SOAS lecturers told to wipe references to Hong Kong and China
SOAS’ decision follows Hong Kong’s June 2020 security law, which puts academics at risk of imprisonment
SOAS has instructed academics not to record lectures or seminar discussions to avoid the risk of staff being arrested when visiting Hong Kong or China.
In June 2020, Hong Kong introduced a new security law that facilitates the act of punishing individuals who protest both inside and outside the territory. The law criminalises any act of secession, subversion, terrorism or collusion with foreign or external forces.
As a result of this law, SOAS believes that academics are at risk of being arrested and jailed for carrying lecture notes or laptops containing their work when travelling to those areas.
Due to the vagueness of what constitutes subversion, a wide range of topics are potentially “off-limits.” Many of these topics “lie at the heart of the social sciences and humanities”, meaning that teaching materials used for such subjects may be used as evidence of a violation of the security law.
The China Research Group, set up to monitor the challenges and opportunities associated with China, warns that the law is not restricted to Hong Kong residents or activities in the region. In an interview with The Times, Neil O’Brien, a CRG member, said:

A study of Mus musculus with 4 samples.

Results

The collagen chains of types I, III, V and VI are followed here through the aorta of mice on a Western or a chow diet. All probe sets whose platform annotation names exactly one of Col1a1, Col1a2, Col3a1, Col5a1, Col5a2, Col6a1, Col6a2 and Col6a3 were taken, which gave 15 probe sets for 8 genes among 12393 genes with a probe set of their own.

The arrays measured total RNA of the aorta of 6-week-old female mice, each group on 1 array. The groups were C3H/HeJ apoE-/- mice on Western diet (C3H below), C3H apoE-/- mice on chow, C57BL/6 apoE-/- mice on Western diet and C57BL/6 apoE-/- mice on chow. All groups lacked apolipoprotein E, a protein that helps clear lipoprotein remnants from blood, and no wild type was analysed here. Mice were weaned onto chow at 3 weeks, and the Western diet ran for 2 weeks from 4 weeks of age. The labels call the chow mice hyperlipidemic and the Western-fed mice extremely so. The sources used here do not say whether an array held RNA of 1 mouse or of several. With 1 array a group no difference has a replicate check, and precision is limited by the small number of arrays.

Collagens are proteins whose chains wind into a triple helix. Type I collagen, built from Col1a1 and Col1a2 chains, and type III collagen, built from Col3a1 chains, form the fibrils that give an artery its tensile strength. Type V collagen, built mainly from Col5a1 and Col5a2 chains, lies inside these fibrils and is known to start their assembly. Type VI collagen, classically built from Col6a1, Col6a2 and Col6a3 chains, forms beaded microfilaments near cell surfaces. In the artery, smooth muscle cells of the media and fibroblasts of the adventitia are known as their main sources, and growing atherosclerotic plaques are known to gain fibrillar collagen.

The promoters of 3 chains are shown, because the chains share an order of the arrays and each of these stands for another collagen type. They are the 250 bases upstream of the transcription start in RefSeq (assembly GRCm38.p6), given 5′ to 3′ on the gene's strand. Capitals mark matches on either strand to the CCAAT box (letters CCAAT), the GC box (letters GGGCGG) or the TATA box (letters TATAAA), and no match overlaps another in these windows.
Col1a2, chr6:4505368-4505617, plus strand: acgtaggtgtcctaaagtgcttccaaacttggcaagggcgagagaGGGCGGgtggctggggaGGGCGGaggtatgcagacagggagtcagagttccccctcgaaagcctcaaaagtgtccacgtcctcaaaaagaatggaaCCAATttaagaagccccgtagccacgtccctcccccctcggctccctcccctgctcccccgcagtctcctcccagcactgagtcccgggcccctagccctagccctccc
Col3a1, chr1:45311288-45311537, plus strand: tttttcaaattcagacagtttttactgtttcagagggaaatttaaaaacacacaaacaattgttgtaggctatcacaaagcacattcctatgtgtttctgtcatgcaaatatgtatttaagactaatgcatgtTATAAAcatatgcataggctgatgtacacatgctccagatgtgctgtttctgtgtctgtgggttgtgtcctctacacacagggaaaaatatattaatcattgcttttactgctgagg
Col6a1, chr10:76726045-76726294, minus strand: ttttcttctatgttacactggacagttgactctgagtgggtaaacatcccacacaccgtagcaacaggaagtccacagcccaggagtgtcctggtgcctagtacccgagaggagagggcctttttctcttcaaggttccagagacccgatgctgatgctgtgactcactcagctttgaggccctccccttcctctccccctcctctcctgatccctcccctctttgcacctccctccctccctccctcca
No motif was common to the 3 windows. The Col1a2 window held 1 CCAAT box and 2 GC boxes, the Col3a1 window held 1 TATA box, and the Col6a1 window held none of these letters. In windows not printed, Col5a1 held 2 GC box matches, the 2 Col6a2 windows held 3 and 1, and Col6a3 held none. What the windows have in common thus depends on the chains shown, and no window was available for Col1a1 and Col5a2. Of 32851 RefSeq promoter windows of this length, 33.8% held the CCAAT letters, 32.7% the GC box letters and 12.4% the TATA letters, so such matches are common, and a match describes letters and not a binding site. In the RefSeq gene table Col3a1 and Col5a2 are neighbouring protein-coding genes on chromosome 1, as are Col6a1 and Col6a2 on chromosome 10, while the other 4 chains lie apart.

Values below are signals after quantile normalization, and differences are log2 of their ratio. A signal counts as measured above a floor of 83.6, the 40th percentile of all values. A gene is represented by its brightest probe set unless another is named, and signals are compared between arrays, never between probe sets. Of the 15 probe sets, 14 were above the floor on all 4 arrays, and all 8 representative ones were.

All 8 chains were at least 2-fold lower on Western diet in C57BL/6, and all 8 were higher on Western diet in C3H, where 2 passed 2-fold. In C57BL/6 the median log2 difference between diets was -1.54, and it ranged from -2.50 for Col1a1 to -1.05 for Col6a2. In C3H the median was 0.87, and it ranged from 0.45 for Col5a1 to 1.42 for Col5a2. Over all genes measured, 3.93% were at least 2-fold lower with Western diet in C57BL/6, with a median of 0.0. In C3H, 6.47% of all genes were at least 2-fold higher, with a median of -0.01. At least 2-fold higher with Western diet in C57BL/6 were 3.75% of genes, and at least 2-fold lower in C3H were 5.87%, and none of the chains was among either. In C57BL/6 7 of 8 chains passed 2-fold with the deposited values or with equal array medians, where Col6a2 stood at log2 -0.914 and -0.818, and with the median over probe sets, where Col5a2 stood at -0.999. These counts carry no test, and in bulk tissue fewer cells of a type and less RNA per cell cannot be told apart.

“This shows the incredible reach of new repressive laws in China — students in London are being advised they could be arrested on the basis of their lecture notes if passing through Hong Kong.
“We have seen how Beijing tries to stifle criticism in democratic countries including their recent decision to sanction MPs, academics and lawyers here.
“This is just the tip of the iceberg — through funding agreements and partnerships with UK universities, Beijing can gain a lot of influence on our universities and I worry this is already having a stifling effect on lectures and tutorials happening in the UK.”
SOAS’ guidance has identified five areas of risk: teaching materials, staff travelling to Hong Kong or China, students travelling to Hong Kong or China, employing research assistants based in these areas, and the threat from collaboration with colleagues based in Hong Kong or China who “may not have a choice if they are asked to collaborate an investigation against their foreign partners”.
In a statement on the matter, SOAS highlighted their duty of care to students and staff saying:
“Computers which colleagues use on a regular basis may include information about students who may have said or written something that can be deemed to have violated the Hong Kong National Security Law.
“Since this law is so stringent and has extra-territorial applicability, our duty of care to our students from Hong Kong and Mainland China requires us to make sure that computers that staff may carry with them to HK and Mainland China do not contain information that can potentially land our students into trouble with this law.
“The risk of this happening is low, but if only one of our current or former students ends up being caught out by the National Security Law because of an action or an inaction on our part, it falls below the standards we uphold at SOAS.”